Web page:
Restoration Of 'Star Spangled Banner' Uncovers Horrifying New Verses
Added: 1 year ago
[scene opens with the camera focused on Tracy and Jim sitting in-studio]
TRACY: Later on in the hour, we're gonna show you how to spice up the kitchen by imagining hidden dangers. But first, we've got a special Fourth of July treat for you!
JIM: Oh, yes we do. Y'know, the original copy of the Star Spangled Banner goes on display this week at the National Archives.
[various still photos of the "Lost Verses: Francis Scott Key's Complete National Anthem" exhibition are shown, courtesy of the National Archives and Records Administration]
JIM: Restoration of the original manuscript has revealed there are actually multiple new verses that have not been seen or heard in over 150 years!
TRACY: That's right, and joining us now is the director of the exhibit, Susan Eckman.
[camera pans over to show a middle-aged female archivist wearing glasses, as the onscreen graphic reads "History Now! Newly Discovered Verses of Star Spangled Banner Now on Display"]
TRACY: Hi, Susan!
JIM: Good morning. Now Susan, most of us of course know that the Star Spangled Banner was written by Francis Scott Key during a battle in the War of 1812.
TRACY: That's how we got "rockets red glare" ...
[onscreen graphic reads "Susan Eckman, Chief of Exhibits, National Archives"]
SUSAN: Right, and the recently discovered verses go into a lot more description of that battle.
SUSAN: For instance, here's a clip from the sixth verse, recorded especially for our exhibit.
JIM: Oh, that's great! Well, let's take a listen.
[they watch the television monitor, which shows a woman in a recording studio]
WOMAN: [singing to the tune of the "Star Spangled Banner"] Tear the heads from our foes, let their hot blood gush forth. Chop their limbs from their trunks, drag their bodies from horses.
TRACY: Oh, very patriotic!
JIM: Wow, that's wonderful!
SUSAN: Yes, Key was clearly very affected by what he saw during that battle.
[onscreen graphic reads "Verses Showcase Key's Love of America, Dead Englishmen"]
SUSAN: For instance, the entire tenth verse is basically just a very detailed description of a bayonet wound.
[onscreen graphic reads "No such death will he find as my bayonet slices deep / The fools eyes bulged and rolled as I pierced his cold heart / The sound of flesh flayed and torn ... -- Tenth Verse"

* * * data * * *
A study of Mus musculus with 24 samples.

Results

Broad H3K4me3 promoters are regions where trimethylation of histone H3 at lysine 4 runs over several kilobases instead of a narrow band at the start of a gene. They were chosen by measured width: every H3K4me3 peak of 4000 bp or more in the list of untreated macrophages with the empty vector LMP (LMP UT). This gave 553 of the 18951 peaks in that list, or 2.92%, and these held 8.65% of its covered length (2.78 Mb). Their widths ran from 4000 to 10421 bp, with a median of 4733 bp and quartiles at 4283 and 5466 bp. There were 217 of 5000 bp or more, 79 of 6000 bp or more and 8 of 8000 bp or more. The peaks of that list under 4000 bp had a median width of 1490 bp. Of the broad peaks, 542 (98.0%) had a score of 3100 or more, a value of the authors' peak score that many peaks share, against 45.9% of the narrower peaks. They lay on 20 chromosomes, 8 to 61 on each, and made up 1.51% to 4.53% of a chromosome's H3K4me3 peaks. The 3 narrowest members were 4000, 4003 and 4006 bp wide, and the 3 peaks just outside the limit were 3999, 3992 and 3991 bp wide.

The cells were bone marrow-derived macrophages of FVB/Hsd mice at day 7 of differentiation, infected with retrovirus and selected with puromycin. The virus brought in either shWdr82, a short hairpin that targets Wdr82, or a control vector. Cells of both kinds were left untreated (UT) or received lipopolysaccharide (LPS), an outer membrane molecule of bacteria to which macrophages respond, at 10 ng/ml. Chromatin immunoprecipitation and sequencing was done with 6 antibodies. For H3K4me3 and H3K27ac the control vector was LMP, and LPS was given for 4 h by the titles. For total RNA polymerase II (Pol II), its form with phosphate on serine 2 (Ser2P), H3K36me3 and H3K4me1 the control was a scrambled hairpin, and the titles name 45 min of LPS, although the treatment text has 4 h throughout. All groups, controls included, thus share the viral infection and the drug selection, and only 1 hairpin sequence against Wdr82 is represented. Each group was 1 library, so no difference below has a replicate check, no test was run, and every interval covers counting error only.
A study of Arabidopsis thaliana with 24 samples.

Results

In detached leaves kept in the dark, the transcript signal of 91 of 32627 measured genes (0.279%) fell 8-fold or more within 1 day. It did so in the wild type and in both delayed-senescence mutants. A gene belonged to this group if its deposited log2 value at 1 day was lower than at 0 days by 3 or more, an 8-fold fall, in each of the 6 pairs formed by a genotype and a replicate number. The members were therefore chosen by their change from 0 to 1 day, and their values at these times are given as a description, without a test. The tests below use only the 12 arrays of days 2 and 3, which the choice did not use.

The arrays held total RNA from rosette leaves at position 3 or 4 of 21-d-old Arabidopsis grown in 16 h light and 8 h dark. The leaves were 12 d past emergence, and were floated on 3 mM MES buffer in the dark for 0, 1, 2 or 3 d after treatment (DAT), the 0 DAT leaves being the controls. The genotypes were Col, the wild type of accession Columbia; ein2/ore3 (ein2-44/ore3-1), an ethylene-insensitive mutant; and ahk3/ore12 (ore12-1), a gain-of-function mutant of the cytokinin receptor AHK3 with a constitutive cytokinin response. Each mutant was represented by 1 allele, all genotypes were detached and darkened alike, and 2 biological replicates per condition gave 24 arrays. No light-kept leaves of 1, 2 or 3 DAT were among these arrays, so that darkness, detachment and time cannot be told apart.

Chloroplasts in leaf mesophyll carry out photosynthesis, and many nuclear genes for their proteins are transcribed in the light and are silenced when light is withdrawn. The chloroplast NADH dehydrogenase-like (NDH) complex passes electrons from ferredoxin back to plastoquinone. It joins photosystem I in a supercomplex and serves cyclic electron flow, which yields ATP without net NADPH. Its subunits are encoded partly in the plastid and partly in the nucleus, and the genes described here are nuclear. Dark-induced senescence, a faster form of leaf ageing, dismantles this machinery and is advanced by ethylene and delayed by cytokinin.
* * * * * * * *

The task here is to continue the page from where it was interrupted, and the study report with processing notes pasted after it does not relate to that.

JIM: Oh, very intense.
SUSAN: Yes, by that point, he'd been listening to the screams and cries of his dying friends for well over twelve hours.
JIM: Wow, now that's very neat! Let's listen to a little bit more.
[they watch more footage of the singer]
WOMAN: [singing to the tune of the "Star Spangled Banner"] So we beat them with chains, burned their eyes out with flames, and we laughed as they screamed, while we raped who remained.
TRACY: I like it! And how many new verses are there?
[onscreen graphic reads "Many Verses Written in Blood of Child Key Believed was King James III"]
SUSAN: Well, there are eighteen true verses. After that, something seems to have snapped in Key's mind, and it just turns into a series of drawings.
[various still photos are show of the original sheet music covered in barely legible drawings of dead bodies]
JIM: So, an artist as well as a patriot!
SUSAN: Yes, here he seems to be representing himself as the king of a family of rats that are spreading bubonic plague across England.
JIM: Oh, look at those!
TRACY: Ooh, very detailed!
JIM: Now, the original song's not the only thing that's on display in this new exhibit, is that right?
[onscreen graphic reads "Key's Kitchen Table Fashioned Entirely From British Spines and Ribcages Also On Display"]
SUSAN: Yes, that's right. We're also showing a very rare painting depicting Key meeting with John Adams.
[a still of the painting is shown, which depicts Key as a crippled madman]
JIM: Ooh, wow!
TRACY: Well, the display is on until the end of the month at the National Archives. Catch it while you can!
TRACY: Susan Eckman, thank you!
SUSAN: Thank you.
TRACY: Up next, could your teen be texting with the Devil?
Susan Eckman from The National Archives comes on Today Now! to share newly discovered National Anthem verses about brutally decapitating enemies during the War of 1812.
To further invoke the atmosphere of a 24-hour network, The Onion News Network video series includes items lifted from what are ostensibly ONN news shows and continuing reports:
* Today Now!: TN is a parody of morning lifestyle and news programs such as NBC's Today show and ABC's Good Morning America. Hosted by Jim Haggerty (in actuality, former New York City TV anchor Brad Holbrook) and Tracy Gill (portrayed by Tracy Toth), the style is typical of the breezy style often found in morning network television shows, with the presenters either uncritical or completely oblivious to the subject matter presented, regardless of the absurdity of the subject (e.g., Haggerty's earnest question about whether or not an omelet recipe strictly requires a metal shoe-horn to measure the butter into the pan).